This temperate Dutch island is beloved by divers for good reason. It lies outside the hurricane belt, and it was the first Caribbean island to designate its coasts and reefs a marine park sanctuary. Together, these protections have preserved the surrounding corals, resulting in reefs that remain the most colorful in the region. Moreover, of Bonaire’s 89 dive sites, 63 are reachable from shore. The sites on the northern half of the island are preferable for snorkelers, as there are fewer surges, and the reef plateau starts between 2 and 10 feet deep. Top snorkel sites include Andrea I, Witch’s Hut and 1,000 steps — so named for the staircase to the water. Fear not: It’s really just 78 steps, but the name keeps the crowds away.
Good luck! If you want to be surrounded by more tech people and other coders to learn from, Chang Mai would be a lot better for that. But there’s no beach there. Any more questions feel free to email me. I would also recommend joining a digital nomad mastermind like Dynamite Circle or Digital Nomad Academy. That way you can make connections and meet other people who are doing similar Internet-related things in Thailand and SE Asia.

Photographs of Bernardini and articles about the event were widely carried by the press. The International Herald Tribune alone ran nine stories on the event.[63] French newspaper Le Figaro wrote, "People were craving the simple pleasures of the sea and the sun. For women, wearing a bikini signaled a kind of second liberation. There was really nothing sexual about this. It was instead a celebration of freedom and a return to the joys in life."[38]
People head out to OB for the nice, wide, swath of sand. There's also the Ocean Beach pier—the longest pier on the West Coast—where you can try your hand at pier fishing. If you have a four-legged friend, go to Dog Beach, just north of the main beach, and unleash your pup to romp in the sand and surf. Or, stroll along Newport Avenue, the main drag in OB's business district, and take in the small-town feel.
“[L]andscapes are cultures before they are nature—constructs of the imagination projected onto wood and water and rock,” Simon Schama wrote in 1995. In 2019, the quote appeared in the introduction to John Berger’s Landscapes, which I’d finally found time to read in a zero-gravity lounge chair overlooking the sea. But it wasn’t just any sea. The water was really water but not the salty kind, instead of a sandy bottom there was stainless steel flooring and, from the horizon, a gigantic canvas screen-printed with a photo of a blue sky rose up. Outside the dome, the sun had broken through clouds; inside, it filtered through a UV screen. I applied more sunscreen to my face. I considered taking a dip.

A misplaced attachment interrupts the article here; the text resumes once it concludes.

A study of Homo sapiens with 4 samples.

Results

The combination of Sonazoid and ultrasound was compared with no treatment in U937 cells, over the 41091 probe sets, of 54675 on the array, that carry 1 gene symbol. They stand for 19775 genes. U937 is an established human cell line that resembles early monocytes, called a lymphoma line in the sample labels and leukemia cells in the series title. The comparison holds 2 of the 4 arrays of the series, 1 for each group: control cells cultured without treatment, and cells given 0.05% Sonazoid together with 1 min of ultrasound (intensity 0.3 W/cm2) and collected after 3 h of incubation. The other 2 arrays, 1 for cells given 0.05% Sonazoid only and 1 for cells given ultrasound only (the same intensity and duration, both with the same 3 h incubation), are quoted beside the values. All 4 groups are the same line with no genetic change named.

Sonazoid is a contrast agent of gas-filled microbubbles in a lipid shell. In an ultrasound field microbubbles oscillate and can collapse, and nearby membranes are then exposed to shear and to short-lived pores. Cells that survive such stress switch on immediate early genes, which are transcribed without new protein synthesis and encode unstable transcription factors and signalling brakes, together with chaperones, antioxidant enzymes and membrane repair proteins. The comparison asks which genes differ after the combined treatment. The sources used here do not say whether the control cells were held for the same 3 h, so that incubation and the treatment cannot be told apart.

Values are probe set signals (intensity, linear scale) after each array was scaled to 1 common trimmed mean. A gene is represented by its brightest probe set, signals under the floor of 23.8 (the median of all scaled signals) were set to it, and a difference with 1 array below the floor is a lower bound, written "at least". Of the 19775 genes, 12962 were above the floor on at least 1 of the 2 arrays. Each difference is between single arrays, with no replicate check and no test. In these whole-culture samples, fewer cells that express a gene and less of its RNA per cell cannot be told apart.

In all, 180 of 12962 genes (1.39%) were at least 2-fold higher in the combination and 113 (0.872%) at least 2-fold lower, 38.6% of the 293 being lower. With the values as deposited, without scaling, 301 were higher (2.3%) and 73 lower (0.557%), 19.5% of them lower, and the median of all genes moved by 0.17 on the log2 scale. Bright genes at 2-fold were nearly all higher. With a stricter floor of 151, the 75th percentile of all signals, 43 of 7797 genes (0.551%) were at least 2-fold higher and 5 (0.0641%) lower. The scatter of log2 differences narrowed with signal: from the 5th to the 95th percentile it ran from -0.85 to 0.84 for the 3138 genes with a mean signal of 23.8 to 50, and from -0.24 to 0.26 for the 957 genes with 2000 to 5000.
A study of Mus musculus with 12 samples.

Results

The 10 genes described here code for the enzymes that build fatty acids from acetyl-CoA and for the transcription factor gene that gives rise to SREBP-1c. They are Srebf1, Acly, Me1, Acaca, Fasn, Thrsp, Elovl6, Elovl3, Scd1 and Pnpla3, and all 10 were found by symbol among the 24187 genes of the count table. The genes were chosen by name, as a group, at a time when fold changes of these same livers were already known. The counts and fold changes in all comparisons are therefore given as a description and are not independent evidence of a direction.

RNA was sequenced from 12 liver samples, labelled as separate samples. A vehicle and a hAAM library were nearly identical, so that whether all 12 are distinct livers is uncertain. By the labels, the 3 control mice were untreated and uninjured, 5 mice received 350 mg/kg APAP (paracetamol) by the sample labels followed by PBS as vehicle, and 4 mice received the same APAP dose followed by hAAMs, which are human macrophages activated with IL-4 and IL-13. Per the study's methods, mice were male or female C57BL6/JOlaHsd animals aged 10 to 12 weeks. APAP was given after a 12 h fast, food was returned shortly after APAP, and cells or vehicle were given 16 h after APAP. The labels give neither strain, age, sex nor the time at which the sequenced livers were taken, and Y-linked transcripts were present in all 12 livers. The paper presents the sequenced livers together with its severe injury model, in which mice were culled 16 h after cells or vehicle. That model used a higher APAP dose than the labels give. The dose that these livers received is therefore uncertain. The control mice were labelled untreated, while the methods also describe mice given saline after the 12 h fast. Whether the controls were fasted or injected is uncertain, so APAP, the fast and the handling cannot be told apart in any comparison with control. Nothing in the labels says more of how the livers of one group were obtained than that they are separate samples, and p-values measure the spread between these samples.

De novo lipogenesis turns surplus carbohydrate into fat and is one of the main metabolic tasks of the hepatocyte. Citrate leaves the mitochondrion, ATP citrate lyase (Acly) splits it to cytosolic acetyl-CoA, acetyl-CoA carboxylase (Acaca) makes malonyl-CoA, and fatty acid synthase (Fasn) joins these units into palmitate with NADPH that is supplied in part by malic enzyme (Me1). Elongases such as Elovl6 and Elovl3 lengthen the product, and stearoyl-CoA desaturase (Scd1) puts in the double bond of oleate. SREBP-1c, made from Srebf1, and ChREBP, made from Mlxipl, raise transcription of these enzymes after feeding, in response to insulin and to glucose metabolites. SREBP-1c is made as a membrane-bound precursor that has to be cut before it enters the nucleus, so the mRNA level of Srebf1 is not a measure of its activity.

1938: First front-mounted swimmer's breathing tube patent filed. In December 1938, French spearfisherman Maxime Forjot and his business partner Albert Méjean file a patent application in France for a breathing tube worn on the front of the head over a single-lens diving mask enclosing the eyes and the nose and it is granted French patent 847848 on 10 July 1939.[29][30][31][32] In July 1939, Popular Science magazine publishes an article containing illustrations of a spearfisherman using a curved length of hosepipe as a front-mounted breathing tube and wearing a set of swimming goggles over his eyes and a pair of swimming fins on his feet.[33] In the first French monograph on spearfishing La Chasse aux Poissons (1940), medical researcher and amateur spearfisherman Dr Raymond Pulvénis illustrates his "Tuba", a breathing tube he designed to be worn on the front of the head over a single-lens diving mask enclosing the eyes and the nose. Francophone swimmers and divers have called their breathing tube "un tuba" ever since. In 1943, Raymond Pulvénis and his brother Roger obtain a Spanish patent for their improved breathing tube mouthpiece design.[34] In 1956, the UK diving equipment manufacturer E. T. Skinner (Typhoon) markets a "frontal" breathing tube with a bracket attachable to the screw at the top of an oval diving mask.[35] Although it falls out of favour with underwater swimmers eventually, the front-mounted snorkel becomes the breathing tube of choice in competitive swimming and finswimming (see Figure 4) because it contributes to the swimmer's hydrodynamic profile.